When Fraud Made the News: The Biggest Fraud Cases of 2019
by Florian Tanant
Let’s see what went wrong (and right) with the most newsworthy fraud cases last year.
It seems every year gets busier in terms of fraud cases and cybercrime. 2019 was no different. And while we saw some old classic techniques (romance scams, data breaches), there were a number of surprising cases that had never made the news before.
Deepfake Fraud Went Mainstream
Picture the scene: you are the managing director of a British energy company. Your boss rings in a hurry and asks you to urgently wire $240,000 to a new supplier in Hungary. You’ve guessed it, the story doesn’t end well.
So how did a tech-savvy, competent executive get tricked into such an expensive mistake? The new advances in ultra realistic voice cloning, a.k.a audio deepfakes.
Using existing recording of a person’s voice, fraudsters were able to employ AI to make the boss say everything they wanted him to. The system breaks down a voice recording into sounds and syllables, and can then be rearranged to form new sentences, with realistic speech patterns, including pauses and tone.
And it worked wonders: according to the victim, the request sounded strange, but the voice was so lifelike they felt they had no choice but to comply.
So 2019 saw the most prominent (and costly) case of deepfake fraud we’ve seen yet. We predict that now the floodgates have been open, we’re going to read a lot more of these kinds of stories in the oncoming years.
Feds Bust the Biggest Online Scam In U.S. History
An operation started in 2016 finally bore its fruits last year, when U.S. federal prosecutors indicted 80 people on charges of online scams – the largest case of this kind in the country’s history.
The criminals, many of whom were Nigerian nationals, combined fake business scams and online romance to defraud ederly victims. They had succeeded in extracting more than $6M, and had their eyes set on another $34M in potential earnings.
The romance scams were particularly successful. In one fraud case, a woman was conned into wiring a total of $91,000 to a bank account controlled by the criminals. In another, the thieves pocketed $87,000 in multiple instalments.
But the most devastating case saw a Japanese woman transfer more than $200,000, which she had borrowed from friends and family, to a man she believed was a U.S Army captain stationed in Syria.
As it turns out, romance scams were one of the most costly cases of fraud for victims in 2019, costing them an average of $2,600 per scam. It’s still one of the most used forms of consumer fraud, and there is a high chance it will continue to be successful, especially with less tech-savvy people.
Data Breaches Continued to Damage Businesses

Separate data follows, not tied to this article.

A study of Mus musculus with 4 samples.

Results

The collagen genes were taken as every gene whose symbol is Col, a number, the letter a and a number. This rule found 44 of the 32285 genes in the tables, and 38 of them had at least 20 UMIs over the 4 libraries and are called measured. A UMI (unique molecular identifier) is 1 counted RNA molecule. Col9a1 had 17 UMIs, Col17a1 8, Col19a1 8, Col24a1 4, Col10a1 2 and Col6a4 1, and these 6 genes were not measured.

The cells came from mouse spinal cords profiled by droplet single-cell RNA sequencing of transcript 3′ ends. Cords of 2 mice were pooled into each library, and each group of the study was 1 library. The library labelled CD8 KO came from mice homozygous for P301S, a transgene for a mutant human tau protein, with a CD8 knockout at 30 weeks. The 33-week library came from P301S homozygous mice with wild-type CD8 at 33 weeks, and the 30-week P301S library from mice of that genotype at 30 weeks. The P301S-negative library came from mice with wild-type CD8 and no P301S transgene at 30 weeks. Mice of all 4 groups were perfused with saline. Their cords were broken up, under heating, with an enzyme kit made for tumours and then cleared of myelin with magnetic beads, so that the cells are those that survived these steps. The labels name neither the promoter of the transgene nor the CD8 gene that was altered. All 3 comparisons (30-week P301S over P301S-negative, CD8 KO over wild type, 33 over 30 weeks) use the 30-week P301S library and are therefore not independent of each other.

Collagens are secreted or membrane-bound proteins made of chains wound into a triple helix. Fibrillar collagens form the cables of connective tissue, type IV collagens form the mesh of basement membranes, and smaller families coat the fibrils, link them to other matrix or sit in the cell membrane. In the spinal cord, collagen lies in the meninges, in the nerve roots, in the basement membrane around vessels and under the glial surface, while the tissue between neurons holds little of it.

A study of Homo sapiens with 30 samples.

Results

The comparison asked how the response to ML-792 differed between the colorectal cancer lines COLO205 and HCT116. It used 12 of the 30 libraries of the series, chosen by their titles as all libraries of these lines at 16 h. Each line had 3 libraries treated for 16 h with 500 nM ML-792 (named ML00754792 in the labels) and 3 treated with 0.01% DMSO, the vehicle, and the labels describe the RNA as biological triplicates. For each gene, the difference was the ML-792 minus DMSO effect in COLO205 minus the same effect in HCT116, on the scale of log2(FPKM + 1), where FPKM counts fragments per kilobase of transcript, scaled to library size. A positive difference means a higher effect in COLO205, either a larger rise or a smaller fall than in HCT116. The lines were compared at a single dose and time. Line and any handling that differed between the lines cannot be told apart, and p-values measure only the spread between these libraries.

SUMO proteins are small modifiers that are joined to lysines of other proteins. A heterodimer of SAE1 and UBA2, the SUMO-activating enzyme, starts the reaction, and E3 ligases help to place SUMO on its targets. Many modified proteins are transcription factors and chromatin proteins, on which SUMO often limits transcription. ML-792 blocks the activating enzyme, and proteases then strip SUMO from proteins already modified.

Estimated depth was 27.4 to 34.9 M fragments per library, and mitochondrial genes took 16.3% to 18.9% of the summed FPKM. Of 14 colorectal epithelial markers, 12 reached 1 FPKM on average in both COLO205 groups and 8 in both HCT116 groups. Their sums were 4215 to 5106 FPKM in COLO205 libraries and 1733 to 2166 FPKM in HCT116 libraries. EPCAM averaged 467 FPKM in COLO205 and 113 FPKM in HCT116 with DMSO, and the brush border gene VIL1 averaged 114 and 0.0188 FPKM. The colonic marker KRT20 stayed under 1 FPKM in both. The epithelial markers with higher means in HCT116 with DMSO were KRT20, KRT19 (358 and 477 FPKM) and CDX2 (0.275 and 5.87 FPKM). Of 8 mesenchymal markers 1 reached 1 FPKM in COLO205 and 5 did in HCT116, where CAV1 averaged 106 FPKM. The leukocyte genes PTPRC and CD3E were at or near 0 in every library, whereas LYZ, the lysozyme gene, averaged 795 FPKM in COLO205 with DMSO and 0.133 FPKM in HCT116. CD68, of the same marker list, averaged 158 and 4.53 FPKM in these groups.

Another year, another plethora of massive data breaches. 2019 kicked off with a bang when Marriott lost up to 500 million guest records, including passport numbers and credit card information.
In February, 617 million user accounts details from numerous sites ended up on the darkweb, and yet it still pales in comparison to the breach suffered by First American, which lost 885 Million records in May, the second biggest breach of all times.
More worryingly, 1.2 billion records that were exposed by two data enrichment companies.
It shows that even organisations that can fight against fraud can sometimes end up giving ammo the bad guys. That’s because third party data enrichment providers are often queried by cybersecurity and fraud prevention companies to help build profiles of users.
A Bad Year for Facebook and Security
Instagram and Facebook hoaxes are a dime a dozen, but last year’s fake warning post was notable for fooling tons of celebrities and influencers. Julia Roberts, Pink, Usher, Judd Apatow and T.I. all reposted a message claiming Instagram was changing its rules to user permissions.
And while these hoaxes are a victimless crime, the same cannot be said of the massive data breaches Facebook suffered this year. Hundreds of millions of account credentials were exposed on St. Patrick’s Day, quickly followed by another 540 million records lost in April. The kicker? These account details were left unsecured on unprotected servers.
The company was also back in the headlines in November, when 100 app developers were found to have accessed inappropriate profile data. There was some fighting back, though, as Facebook began legal proceedings against app developers generating fraudulent revenue. Two app developers, who used a click injection technique to generate ad clicks, were sued by the Silicon Valley giant in August..
We’ve come to expect the number of fraud cases to skyrocket on a regular basis, but 2019 was a real record-setting year. The biggest data breaches ever seen happened that year, and we all know how these end up creating a vicious cycle of account takeovers, phishing and lost resources.
Hopefully, as more and more companies implement strong fraud prevention measures, the next year won’t be as bad for business and consumers.